3 Promising New Therapies for Memory Loss

 

The wonderful thing about science is that it's never finished. The pursuit of knowledge never stops. When one discovery is made, it leads to many others. It's a never-ending search.

We know that there's plenty to learn about Alzheimer's dementia, age-related memory loss, and other cognitive disorders. Frankly, we've barely scratched the surface. But scratching at it we are.


 

So, just what is the difference between assisted living and memory care?

Our memory care experts here at Marjorie P. Lee (MPL) are often asked this question. Usually, it's by people whose senior loved ones have recently been diagnosed with dementia or begun to show signs of memory loss, who are considering placement and don't know what care options are available to them in Cincinnati.




It can be disconcerting to realize you have a gap in your memory or to notice it in someone you love.

That’s because the first thing most people think of when they notice an older person is having difficulty remembering things is probably Alzheimer’s disease — especially given the relatively high profile the disease has had over the past several decades.


You’re in a rush, stressed out and running late on an already-busy day. Now, you’re on your way back out the door, thinking about all the errands you still need to run and, suddenly, you can’t remember where you left your keys. You don’t even remember the last time you had them.

Is it overtired and unable to think clearly? Or is it actual memory loss? When is it normal, age-related memory loss, versus a sign of a stroke, early-onset dementia or Alzheimer’s disease?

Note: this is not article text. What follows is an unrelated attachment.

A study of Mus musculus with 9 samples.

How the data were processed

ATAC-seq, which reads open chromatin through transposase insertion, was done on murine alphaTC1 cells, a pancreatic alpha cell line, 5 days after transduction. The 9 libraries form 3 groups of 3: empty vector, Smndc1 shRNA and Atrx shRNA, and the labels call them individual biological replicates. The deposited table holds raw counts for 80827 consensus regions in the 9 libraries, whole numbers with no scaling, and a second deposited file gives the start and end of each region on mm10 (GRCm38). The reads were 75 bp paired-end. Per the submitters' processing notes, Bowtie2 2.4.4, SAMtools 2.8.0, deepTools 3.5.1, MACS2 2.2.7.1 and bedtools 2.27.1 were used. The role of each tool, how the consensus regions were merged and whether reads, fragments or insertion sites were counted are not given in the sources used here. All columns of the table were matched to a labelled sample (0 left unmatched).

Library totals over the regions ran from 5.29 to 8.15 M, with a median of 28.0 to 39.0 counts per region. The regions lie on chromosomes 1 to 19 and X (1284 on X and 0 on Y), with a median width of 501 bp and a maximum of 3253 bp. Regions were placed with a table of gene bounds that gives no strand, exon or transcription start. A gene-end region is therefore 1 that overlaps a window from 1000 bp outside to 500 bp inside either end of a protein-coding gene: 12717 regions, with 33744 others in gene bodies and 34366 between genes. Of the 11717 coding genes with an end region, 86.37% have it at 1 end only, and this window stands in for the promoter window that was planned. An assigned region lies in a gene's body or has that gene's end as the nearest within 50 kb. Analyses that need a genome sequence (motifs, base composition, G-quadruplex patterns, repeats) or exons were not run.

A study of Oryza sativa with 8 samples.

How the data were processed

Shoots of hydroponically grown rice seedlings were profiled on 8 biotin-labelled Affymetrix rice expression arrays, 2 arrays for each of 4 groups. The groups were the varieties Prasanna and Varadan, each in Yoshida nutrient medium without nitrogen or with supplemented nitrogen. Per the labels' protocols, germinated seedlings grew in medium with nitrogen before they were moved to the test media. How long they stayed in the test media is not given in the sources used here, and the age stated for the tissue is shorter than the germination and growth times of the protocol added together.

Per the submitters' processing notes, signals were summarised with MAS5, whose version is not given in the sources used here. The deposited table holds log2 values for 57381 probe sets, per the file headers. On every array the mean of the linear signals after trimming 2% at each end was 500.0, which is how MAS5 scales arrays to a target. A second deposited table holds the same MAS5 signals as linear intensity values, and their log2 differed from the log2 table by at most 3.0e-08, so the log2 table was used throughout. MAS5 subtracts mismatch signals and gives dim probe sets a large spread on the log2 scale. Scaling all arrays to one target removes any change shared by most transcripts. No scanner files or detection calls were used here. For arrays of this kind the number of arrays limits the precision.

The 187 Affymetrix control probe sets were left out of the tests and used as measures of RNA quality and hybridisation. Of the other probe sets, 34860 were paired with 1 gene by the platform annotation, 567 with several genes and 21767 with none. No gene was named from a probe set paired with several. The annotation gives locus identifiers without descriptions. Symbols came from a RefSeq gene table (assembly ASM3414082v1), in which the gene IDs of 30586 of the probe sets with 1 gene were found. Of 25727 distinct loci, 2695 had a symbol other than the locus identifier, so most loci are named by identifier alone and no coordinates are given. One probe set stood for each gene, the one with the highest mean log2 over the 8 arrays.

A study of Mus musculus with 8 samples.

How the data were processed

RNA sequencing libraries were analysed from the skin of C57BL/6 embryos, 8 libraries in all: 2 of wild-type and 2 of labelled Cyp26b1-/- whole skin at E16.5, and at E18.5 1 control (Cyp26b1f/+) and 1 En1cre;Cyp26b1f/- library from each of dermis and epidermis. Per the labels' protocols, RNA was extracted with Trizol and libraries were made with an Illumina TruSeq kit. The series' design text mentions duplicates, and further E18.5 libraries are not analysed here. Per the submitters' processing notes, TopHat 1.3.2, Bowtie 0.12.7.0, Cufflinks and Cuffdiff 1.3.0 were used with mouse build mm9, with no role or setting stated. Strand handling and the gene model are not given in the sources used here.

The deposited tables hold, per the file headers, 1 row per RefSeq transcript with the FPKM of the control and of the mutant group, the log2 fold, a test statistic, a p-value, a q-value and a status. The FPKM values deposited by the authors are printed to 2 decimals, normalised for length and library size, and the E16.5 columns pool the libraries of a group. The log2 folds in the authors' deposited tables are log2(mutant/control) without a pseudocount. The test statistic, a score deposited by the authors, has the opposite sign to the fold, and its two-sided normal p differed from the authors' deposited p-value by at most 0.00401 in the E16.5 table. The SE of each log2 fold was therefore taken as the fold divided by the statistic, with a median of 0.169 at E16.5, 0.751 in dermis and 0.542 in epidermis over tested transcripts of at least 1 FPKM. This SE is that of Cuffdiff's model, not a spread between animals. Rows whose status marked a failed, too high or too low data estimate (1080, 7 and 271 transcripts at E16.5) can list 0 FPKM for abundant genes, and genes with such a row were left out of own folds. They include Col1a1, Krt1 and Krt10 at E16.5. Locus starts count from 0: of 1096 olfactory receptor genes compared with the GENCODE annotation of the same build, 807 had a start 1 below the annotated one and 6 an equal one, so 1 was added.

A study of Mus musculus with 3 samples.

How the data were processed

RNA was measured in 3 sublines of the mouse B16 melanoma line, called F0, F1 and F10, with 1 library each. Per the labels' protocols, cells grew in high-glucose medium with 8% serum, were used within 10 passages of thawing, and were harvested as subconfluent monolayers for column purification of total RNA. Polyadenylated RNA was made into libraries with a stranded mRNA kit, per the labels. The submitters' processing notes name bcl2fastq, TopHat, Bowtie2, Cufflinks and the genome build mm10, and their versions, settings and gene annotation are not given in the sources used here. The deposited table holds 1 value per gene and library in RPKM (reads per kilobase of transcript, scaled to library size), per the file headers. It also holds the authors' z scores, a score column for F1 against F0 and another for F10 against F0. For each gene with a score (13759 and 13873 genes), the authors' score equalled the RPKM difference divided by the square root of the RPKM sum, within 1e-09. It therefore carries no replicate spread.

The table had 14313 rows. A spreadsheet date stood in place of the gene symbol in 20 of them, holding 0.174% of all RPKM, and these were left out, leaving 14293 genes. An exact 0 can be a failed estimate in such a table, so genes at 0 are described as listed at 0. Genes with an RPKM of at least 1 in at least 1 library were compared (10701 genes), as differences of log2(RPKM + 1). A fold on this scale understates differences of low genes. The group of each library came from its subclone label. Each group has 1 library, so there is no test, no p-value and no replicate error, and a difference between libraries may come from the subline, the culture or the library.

Although there are quite a few myths about Alzheimer’s disease and dementia care floating around out there, it’s no myth that people who engage in active aging and lifelong learning seem to be at less risk of developing early memory loss.

That’s why the memory care experts here at Marjorie P. Lee urge all seniors to stay sharp by reading, socializing, and remaining as active as possible. Simply put, there’s really no such thing as too much mental stimulation.


It can be disconcerting to observe memory changes in an aging parent or loved one.

Noticing someone’s memory loss leaves you worrying. Worrying that your parent or older relative is developing Alzheimer’s or age-related dementia. Worrying that he or she isn’t getting the proper care to preserve memory. Worrying that your loved one might someday wind up in a dangerous situation and won’t be able to help him or herself.


 

One of the keys to keeping your mind limber is regular mental exercise. Your muscles need physical training to stay strong; your brain needs to be stretched out, too!

One of the best ways to exercise your brain is to challenge it by learning a new skill. Research has shown us that seniors who continue to learn after retirement may experience a lower incidence rate of memory loss and cognitive disorders, such as Alzheimer’s and dementia.


Difficult_Dementia_Behavior

The holidays are wonderful times to share with family and friends.  However, for families living with dementia, the season is often challenging.  But knowing the obstacles that can arise during the Christmas season and understanding how to provide the most appropriate senior care will help things go more smoothly during this special time of year.


Dementia and cognitive disorders like Alzheimer's disease are of major concern to senior healthcare experts. Back in 1983, President Ronald Reagan designated November as National Alzheimer's Disease Awareness Month— a month dedicated to raising the public profile of Alzheimer's and other dementia sufferers, and also dedicated to promoting research on new treatment methods and more effective memory care measures.